Softbank's Arm Holdings is changing its licensing model to pursue a bigger customer base as more devices become connected to the internet.
The company announced Arm Flexible Access, a new model enabling SoC design teams to initiate projects before they license IP and pay only for what they use at production. Through Arm Flexible Access, businesses will enable their design teams with more freedom to experiment and evaluate.
“Arm Flexible Access was created to address the opportunities presented by a world of one trillion securely connected devices,” said Rene Haas, president, Intellectual Property Group, Arm. “By converging unlimited design access with no up-front licensing commitment, we are empowering existing partners and new market players to address new growth opportunities in IoT, machine learning, self-driving cars and 5G.”
Arm Flexible Access complements standard Arm licensing which will continue to be the best option for the company's partners seeking access to Arm’s full product portfolio and most advanced IP.
In the past, Arm required customers to pick a specific design and pay an upfront licensing fee that could cost several million dollars before getting access to it, later charging a per-chip royalty after chips went into production.
But final designs ready to send to a factory - called “tape-outs” in the chip business - can take years to perfect, leaving Arm customers making large upfront payments long before chips arrive.
With Arm Flexible Access they pay a modest fee for immediate access to a broad portfolio of technology, then paying a license fee only when they commit to manufacturing, followed by royalties for each unit shipped. This portfolio includes all the essential Intellectual Property (IP) and tools needed for an SoC design, making it easier to evaluate or prototype with multiple IP blocks before committing to licenses.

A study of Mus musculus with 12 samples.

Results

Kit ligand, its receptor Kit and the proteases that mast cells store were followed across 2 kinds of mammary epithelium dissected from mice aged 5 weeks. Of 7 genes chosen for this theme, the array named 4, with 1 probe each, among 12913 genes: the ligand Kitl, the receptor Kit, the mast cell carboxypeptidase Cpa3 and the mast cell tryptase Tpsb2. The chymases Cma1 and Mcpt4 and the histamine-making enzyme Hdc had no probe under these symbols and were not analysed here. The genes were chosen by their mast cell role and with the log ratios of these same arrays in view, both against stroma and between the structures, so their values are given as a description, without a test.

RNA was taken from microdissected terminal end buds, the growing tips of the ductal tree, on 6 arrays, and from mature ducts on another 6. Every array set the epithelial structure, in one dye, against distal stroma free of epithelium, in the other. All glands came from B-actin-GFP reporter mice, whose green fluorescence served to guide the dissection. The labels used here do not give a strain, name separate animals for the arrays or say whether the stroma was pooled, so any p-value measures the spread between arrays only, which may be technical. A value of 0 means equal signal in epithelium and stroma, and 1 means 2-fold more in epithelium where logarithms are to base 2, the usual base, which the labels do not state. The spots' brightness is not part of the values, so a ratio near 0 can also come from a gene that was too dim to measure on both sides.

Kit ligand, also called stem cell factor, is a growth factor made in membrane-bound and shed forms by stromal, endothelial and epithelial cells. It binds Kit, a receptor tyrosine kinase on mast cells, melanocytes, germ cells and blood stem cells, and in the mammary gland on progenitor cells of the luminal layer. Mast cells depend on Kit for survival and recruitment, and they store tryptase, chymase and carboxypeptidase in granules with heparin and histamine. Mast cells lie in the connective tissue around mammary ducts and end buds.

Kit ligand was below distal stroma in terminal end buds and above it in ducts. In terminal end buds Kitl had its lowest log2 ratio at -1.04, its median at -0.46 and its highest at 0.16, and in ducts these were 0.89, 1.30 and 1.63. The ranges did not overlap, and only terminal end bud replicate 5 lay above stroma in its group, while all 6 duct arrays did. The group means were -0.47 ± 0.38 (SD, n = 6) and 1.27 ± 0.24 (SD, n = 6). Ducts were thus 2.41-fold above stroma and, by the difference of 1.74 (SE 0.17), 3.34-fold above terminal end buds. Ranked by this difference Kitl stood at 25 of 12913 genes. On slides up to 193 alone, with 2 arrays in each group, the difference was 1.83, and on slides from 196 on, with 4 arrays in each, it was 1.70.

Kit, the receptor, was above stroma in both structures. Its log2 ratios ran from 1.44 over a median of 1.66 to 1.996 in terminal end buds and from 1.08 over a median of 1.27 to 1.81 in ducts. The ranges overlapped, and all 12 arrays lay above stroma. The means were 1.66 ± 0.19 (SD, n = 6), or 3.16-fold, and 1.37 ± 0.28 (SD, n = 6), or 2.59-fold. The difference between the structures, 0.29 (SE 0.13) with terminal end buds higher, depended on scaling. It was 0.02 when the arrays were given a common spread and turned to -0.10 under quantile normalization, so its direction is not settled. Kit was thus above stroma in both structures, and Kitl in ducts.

IP available through Arm Flexible Access includes the majority of Arm-based processors within the Arm Cortex-A, -R and -M families. These CPUs accounted for 75 percent of all Cortex CPU licenses signed over the last two years. It also includes Arm TrustZone and CryptoCell security IP, select Mali GPUs, system IP alongside tools and models for SoC design and early software development. Access to Arm’s global support and training services are also included.
The new program will cost them $75,000 a year to ready one design for manufacturing, or $200,000 for an unlimited number of designs, with license and royalties due only on chips that go into production.